What Retail Investors Want Now: A View From Transwestern
Here’s what’s driving their decisions in this difficult climate, according to Steve Williamson.
In the past decade—and more intensely in the aftermath of the pandemic—the retail real estate market has been subject to several rounds of changes. Today, entertainment concepts are disrupting retail in various ways, grocery-anchored assets have become the most sought-after, and adaptive reuse and repurposing are extremely common.
Meanwhile, the high interest rate environment, rampant inflation, and increasing insurance costs and taxes continue to cause concern among retail investors, according to Transwestern Managing Director of Retail Services & Urban Land Services Steve Williamson. Despite this context, some retail investments still make sense. Here’s what Williamson told Commercial Property Executive about the trends he’s seeing today.
What types of retail deals have you been involved in lately, and what are some of the challenges you faced?
Williamson: Currently, I’m involved in transactions for large retail boxes, restaurant and commercial pad sales, and tenant representation for national retailers, including popshelf throughout North and Central Texas. In the Texas market, the biggest challenges are the lack of availability for existing well-located retail spaces and well-located retail land, as well as the higher costs of building new retail space in today’s environment coupled with higher retail rents—and the resistance you receive from retailers—which are required to make new development feasible.
Are there any trends in the retail real estate industry that you find particularly impactful?
Williamson: Omnichannel marketing will continue to be very important to retailing, but there has also been a return to brick-and-mortar now that the COVID-19 pandemic has eased and people are looking to get back out of their homes.
Besides grocery-anchored assets, what type of retail properties are the most sought-after today?
Williamson: Investors are still looking for quality triple-net, free-standing investments that are priced reasonably well.
What makes them so appealing?
Williamson: Cash-on-cash returns are important, but investors are also concerned with owning hard assets like real estate that have a reasonable chance of providing a hedge against inflation.
To what extent are entertainment concepts disrupting retail today? Are there any other concepts shaking up retail real estate?
Williamson: Experiential retail and entertainment are all the rage right now because people are no longer quarantined and want to have fun. I believe this trend will continue for the foreseeable future, and entertainment concepts will have the most success in regional, mixed-used venues.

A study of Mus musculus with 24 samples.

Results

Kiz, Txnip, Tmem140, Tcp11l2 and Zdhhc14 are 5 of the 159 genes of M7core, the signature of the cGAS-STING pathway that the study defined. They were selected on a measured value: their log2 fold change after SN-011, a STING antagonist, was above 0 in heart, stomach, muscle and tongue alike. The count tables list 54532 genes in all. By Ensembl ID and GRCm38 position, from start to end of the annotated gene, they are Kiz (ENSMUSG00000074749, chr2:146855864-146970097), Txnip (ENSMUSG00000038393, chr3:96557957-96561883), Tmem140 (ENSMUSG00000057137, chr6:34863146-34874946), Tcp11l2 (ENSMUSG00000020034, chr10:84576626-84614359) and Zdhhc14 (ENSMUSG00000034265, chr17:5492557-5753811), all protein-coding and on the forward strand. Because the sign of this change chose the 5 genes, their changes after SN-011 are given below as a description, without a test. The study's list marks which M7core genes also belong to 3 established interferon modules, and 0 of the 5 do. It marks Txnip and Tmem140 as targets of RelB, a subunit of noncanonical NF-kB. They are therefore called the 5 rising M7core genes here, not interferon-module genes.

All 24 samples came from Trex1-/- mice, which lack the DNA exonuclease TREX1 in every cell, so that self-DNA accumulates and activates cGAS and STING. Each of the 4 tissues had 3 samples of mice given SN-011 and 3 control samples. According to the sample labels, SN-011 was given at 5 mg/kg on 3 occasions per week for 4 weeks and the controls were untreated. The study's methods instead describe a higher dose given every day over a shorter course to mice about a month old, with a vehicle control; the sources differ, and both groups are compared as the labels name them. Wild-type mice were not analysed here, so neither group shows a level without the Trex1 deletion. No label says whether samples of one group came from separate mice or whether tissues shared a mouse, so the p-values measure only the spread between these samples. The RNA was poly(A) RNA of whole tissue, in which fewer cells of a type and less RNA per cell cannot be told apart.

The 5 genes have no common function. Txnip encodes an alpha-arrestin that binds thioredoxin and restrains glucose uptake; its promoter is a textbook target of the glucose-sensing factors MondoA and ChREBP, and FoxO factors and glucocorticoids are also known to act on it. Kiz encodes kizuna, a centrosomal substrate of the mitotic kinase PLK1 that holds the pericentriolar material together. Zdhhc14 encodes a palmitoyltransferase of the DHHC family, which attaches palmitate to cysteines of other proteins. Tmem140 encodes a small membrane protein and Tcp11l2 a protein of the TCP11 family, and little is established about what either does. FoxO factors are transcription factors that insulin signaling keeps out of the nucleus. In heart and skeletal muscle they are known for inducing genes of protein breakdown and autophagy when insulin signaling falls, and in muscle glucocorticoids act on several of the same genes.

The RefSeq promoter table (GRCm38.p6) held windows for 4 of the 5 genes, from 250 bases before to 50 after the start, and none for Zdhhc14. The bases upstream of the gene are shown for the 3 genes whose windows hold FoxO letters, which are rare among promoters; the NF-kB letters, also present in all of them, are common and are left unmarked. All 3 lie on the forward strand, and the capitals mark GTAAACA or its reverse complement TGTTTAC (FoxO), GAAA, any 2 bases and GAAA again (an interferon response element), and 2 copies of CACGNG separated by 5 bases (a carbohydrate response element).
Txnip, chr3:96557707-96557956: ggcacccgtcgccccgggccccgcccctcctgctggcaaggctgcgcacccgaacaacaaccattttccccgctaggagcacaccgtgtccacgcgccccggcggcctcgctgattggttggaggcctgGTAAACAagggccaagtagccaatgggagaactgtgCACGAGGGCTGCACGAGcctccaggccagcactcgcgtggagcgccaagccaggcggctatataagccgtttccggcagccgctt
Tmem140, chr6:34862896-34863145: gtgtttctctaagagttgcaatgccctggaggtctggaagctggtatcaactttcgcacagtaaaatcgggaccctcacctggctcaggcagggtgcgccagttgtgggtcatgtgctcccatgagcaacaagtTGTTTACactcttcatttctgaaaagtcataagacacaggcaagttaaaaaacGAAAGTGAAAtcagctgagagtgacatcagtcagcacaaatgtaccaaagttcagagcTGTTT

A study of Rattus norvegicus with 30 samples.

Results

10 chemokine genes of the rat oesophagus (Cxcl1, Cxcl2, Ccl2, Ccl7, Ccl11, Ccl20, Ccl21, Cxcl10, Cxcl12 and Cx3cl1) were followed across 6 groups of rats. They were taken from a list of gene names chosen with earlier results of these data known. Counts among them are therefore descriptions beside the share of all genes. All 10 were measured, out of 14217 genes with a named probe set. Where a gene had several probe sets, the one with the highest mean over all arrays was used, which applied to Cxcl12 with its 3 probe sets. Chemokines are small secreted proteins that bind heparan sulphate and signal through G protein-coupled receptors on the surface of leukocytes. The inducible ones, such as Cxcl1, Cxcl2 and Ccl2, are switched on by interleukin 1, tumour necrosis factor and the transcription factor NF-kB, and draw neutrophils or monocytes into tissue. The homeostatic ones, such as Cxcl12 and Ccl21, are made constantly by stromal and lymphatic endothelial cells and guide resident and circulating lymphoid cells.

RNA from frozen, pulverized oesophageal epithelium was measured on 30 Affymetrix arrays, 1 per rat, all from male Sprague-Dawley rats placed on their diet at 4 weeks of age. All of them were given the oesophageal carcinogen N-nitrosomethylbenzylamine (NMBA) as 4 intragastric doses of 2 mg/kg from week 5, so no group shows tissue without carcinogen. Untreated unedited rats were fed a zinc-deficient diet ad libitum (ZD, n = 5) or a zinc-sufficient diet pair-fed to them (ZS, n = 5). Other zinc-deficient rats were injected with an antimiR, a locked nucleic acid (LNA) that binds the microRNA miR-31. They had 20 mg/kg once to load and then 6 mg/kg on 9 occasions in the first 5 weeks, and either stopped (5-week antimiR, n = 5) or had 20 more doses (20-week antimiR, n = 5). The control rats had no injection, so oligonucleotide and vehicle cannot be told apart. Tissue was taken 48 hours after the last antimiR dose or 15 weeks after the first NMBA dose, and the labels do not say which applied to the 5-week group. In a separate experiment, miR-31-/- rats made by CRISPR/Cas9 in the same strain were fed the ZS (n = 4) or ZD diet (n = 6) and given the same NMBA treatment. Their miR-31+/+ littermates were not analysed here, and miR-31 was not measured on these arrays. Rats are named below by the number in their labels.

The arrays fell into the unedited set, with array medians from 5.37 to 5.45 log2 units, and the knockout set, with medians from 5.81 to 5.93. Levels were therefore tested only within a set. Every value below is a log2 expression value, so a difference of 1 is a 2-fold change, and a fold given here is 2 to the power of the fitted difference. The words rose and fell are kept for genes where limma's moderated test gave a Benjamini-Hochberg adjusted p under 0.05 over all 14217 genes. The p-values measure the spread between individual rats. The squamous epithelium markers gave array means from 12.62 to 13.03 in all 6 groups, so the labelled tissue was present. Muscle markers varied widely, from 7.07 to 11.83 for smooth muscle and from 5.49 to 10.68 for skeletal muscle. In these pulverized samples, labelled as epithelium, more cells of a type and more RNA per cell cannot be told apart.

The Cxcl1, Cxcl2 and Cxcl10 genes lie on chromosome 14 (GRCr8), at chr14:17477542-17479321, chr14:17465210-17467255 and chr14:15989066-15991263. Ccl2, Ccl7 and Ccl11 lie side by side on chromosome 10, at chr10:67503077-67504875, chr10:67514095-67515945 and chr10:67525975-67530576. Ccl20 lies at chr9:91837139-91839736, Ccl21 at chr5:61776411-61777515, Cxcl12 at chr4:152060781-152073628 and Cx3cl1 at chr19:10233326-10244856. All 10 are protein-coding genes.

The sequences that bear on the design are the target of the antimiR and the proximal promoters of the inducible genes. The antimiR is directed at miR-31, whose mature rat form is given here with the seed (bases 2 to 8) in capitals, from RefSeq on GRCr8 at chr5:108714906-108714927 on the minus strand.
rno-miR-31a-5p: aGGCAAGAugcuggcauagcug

Dollar stores and value-oriented retailers are generally performing well in today’s market due to an increasing consumer base who is intent on making their disposable income go further because of rampant inflation.
Do you expect logistic centers to overpower the retail market at some point?
Williamson: No, I do not. I believe logistics centers will continue to supplement but will not overtake or overpower the retail market.
Are there any particular U.S. areas where you see high potential when it comes to retail investments?
Williamson: Retail follows housing, so look at the markets in the U.S. where people are moving. Generally speaking, the Sun Belt states, Colorado, Utah and Virginia are seeing the most increases in new housing growth. Long term, those areas will be highly sought-after for new retail investments. That said, investors are already scrutinizing acquisitions in states where taxes are getting out of control since those high-tax states negatively impact their tenants’ occupancy costs long term, and will ultimately hurt the viability and marketability of their investments down the road.
Williamson: In states experiencing exceptional in-migration, post-pandemic demand is not the main reason for lower levels of new retail projects. What’s creating these lower starts in new retail development is more closely related to higher construction costs, higher interest rates, tighter lending practices and higher land costs, which all work together to make building new retail projects very difficult.
Generally speaking, new projects are tough to pencil in, and the lack of new retail product being built is now contributing to lower vacancy rates and higher rental rates for tenants. From an investor standpoint, purchasing existing investments that have stable tenants paying lower rental rates—but with leases that provide future upside in rents—can make a lot of sense in today’s market.
What keeps retail investors up at night?
Williamson: Easy answer: increasing rates. Interest rates, tax rates, insurance rates, vacancy rates, foreclosure rates. And then, after they are up half the night, investors finally doze off to sleep and dream of higher rental rates from their tenants.